Finally filing your tax return can take a major weight off your shoulders. It can be very stressful to go over your annual income and try to minimize your tax liability. For most people, once they drop the envelope with their return in the mail or hit the e-file button on their tax preparation software, they won’t have to worry about their income taxes again until the next year.

However, not everyone is that fortunate. When you discover that you made a mistake on your taxes, you have the option of filing new documents to correct the mistake. Should you do so?

If the update causes tax liability, it’s best to correct it yourself rather than wait to be notified of the error. Tax law is complex, and mistakes on filings are common. There’s a reason that the IRS provides straightforward instructions about how to amend a return you’ve already filed.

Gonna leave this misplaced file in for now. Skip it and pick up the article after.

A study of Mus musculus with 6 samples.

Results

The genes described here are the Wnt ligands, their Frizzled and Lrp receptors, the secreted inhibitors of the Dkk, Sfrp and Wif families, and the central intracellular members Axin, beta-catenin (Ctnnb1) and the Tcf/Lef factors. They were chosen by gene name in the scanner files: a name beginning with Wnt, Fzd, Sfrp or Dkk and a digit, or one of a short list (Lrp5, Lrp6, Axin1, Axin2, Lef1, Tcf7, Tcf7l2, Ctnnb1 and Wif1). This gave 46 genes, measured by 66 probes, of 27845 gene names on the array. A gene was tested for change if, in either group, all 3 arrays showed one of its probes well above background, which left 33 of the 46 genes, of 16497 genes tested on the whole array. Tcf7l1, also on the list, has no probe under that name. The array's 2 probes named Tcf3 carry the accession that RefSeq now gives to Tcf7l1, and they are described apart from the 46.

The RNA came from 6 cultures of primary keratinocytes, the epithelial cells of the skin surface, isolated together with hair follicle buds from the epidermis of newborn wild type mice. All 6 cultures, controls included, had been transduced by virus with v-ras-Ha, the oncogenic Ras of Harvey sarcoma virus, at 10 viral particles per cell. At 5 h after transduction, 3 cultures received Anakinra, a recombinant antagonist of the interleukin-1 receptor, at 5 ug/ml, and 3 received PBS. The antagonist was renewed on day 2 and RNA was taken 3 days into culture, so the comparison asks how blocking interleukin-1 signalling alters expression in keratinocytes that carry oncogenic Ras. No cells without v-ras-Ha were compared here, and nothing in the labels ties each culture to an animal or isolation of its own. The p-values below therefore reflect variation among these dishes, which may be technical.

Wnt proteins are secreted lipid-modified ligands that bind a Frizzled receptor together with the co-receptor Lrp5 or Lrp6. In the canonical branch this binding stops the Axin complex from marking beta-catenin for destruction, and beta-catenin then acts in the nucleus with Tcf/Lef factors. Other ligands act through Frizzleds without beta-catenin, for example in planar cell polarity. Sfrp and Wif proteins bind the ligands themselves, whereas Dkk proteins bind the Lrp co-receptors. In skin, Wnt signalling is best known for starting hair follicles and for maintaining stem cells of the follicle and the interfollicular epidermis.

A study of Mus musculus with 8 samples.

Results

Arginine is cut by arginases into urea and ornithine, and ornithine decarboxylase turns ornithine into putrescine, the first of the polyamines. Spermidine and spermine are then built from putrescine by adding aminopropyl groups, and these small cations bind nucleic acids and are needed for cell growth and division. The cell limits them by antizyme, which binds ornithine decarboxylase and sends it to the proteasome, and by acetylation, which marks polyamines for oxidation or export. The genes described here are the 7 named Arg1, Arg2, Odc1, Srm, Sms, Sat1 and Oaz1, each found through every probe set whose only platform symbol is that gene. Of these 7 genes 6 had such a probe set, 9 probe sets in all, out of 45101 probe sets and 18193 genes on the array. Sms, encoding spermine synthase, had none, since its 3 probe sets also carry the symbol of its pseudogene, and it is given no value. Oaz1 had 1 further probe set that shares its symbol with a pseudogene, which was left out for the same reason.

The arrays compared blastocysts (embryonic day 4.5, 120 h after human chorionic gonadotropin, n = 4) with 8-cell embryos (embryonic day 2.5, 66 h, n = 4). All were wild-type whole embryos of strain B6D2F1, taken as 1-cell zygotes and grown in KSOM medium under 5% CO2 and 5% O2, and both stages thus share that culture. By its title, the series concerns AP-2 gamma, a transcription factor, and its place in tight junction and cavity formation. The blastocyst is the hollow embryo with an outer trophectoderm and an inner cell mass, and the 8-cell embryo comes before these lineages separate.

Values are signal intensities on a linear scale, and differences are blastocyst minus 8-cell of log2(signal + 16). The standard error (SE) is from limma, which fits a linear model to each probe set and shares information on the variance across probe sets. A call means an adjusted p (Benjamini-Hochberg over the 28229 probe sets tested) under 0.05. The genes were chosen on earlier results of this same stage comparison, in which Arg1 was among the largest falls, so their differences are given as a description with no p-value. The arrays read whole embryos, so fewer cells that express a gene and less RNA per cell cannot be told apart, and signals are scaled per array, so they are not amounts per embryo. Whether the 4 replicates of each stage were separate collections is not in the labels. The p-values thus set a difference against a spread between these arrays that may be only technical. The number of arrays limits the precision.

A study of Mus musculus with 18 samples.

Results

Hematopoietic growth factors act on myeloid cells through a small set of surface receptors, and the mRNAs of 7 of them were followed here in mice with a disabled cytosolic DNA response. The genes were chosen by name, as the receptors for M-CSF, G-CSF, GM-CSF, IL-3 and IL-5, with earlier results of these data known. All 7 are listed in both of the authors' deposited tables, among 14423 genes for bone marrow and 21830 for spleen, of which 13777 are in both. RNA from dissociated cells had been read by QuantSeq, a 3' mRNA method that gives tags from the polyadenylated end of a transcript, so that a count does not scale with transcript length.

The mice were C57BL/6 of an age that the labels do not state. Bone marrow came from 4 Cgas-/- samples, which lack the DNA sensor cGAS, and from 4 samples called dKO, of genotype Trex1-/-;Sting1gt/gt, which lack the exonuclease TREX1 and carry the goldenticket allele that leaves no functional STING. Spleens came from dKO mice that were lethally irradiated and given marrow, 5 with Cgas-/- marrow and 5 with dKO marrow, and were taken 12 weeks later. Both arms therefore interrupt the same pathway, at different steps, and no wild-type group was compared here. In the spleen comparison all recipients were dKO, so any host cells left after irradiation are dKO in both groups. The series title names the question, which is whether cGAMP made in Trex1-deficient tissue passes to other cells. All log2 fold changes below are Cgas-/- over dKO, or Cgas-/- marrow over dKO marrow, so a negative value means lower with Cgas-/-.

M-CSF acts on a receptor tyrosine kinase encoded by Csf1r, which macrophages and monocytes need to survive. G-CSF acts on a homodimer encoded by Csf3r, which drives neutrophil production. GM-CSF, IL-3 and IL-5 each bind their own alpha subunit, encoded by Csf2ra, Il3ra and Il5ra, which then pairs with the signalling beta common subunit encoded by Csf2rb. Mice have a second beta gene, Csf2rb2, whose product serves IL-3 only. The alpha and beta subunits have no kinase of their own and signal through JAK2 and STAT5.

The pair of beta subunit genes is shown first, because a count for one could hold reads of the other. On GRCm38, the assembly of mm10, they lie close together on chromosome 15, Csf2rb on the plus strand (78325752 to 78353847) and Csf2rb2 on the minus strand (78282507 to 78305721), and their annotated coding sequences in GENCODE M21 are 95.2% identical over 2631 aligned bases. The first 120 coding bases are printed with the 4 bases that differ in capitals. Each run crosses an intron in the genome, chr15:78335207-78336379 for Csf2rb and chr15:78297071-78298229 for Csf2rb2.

Obviously, if the mistake means that you overpaid your taxes, you would likely want to correct it to get your money back. For those who make mistakes that will increase how much they have to pay or reduce their refund, they may wonder if they can avoid doing so and incurring those expenses.

Unfortunately, if the IRS finds your mistake before you advise them of it, they may not only ask you for the additional taxes but also apply penalties and interest that could add up to be a substantial amount of money very quickly. Therefore, the sooner you correct a tax mistake and pay any outstanding amount due, the less likely you are to have to deal with future tax problems.